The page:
Chen denies advocating interest rate 'cut'
By Ann Yu, The China PostTAIPEI, Taiwan -- The premier yesterday denied a report claiming he used the word “cut” in reference to ex-civil servants' 18-percent preferential interest rate, in a statement released by the Executive Yuan.
January 25, 2013, 12:01 am TWN
According to spokeswoman Cheng Li-wen, Premier Sean Chen mentioned that the 18-percent preferential interest rate for some ex-civil servants was a system that requires “changes,” but he never used the phrase “should be cut.”
The premier stressed that the interest rate policy was subject to the decisions of the Examination Yuan, which the Cabinet highly respects, Cheng said, indicating that the Cabinet would not interfere with the reforms to interest rate policies.
Cheng noted that Chen said the adjustments should be based on public expectations, and that reform of the policy was a common request among the majority.
Chen said that the 18-percent policy was originally created 20 years ago to subsidize some civil servants who were mostly financially underprivileged after they retired. But as the economy allowed retired civil servants better benefits, it was clear that the 18-percent policy demanded adjustments, according to Chen.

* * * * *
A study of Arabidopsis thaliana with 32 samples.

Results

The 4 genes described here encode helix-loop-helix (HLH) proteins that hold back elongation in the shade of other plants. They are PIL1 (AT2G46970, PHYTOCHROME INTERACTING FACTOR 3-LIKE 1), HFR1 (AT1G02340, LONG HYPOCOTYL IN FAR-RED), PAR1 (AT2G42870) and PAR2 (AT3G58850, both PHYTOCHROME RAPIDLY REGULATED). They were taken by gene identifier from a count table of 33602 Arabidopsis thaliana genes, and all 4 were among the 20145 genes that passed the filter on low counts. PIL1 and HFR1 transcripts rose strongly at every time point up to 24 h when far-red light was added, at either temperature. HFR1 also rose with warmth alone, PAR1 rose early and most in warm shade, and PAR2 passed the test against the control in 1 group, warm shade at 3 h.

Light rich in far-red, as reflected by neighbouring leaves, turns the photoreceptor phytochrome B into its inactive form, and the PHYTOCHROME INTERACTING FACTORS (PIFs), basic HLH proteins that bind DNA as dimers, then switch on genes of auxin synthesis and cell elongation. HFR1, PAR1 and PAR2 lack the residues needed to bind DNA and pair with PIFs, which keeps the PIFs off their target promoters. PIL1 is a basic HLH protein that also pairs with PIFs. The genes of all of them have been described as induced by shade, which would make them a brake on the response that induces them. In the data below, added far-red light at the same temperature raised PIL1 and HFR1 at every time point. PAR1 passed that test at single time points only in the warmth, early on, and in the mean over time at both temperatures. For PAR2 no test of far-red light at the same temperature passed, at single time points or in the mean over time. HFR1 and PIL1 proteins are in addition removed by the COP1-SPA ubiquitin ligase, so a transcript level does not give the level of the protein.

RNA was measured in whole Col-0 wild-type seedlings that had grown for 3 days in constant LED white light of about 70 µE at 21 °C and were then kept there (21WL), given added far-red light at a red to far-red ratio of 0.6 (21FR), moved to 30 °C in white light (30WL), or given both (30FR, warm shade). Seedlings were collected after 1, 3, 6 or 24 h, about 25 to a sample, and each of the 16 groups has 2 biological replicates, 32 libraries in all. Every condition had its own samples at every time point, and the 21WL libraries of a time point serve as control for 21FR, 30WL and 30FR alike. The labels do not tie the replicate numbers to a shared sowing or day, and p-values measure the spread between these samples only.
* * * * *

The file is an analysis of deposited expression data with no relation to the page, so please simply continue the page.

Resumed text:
Nevertheless, Cheng repeatedly insisted that Chen did not say “should be cut” during the interview with local newspapers.
Meanwhile, Chen also mentioned recent annuity reforms that he said required detailed planning because of the complexity of each program. He said that most benefit programs were launched several years ago according to the time and space available at the time.
With the shift of population structure over the time, including lower birth rates and aging, Chen stressed that reforms are a must. He noted that the problems could not be avoided, and should be carefully planned to make sure they are sustainable for an extended period of time.
The Ministry of Civil Service (MOCS) announced the civil servant retirement fund operations report yesterday, noting an increase in expenditure last year. In 2011, reports showed that expenditure exceeded income for the first time, posting a ratio of 107 percent. In 2012, the ratio was 118 percent. Alarmed by the numbers, officials warned that it is more than necessary to adjust the retirement programs in order for it to keep running.
The reports mentioned that the total amount of income for the civil servant retirement fund since its establishment was NT$742.6 billion and that total expenditure stood at NT$322.9 billion, or 43.49 percent of the income.
Of all pension applicants, 73.46 percent were military personnel, while teachers stood at 46.15 percent and 32.01 percent were public servants.
Minister of the Examination Yuan Kuang Chung said that in recent years, the population structure has shifted too fast for pension programs to keep up.
Although it is natural for people to demand that their portions are not cut, he said that the retirement funds would influence not just those who currently rely on them but also on future next generations.
Kuang asked people to be serious about the reform.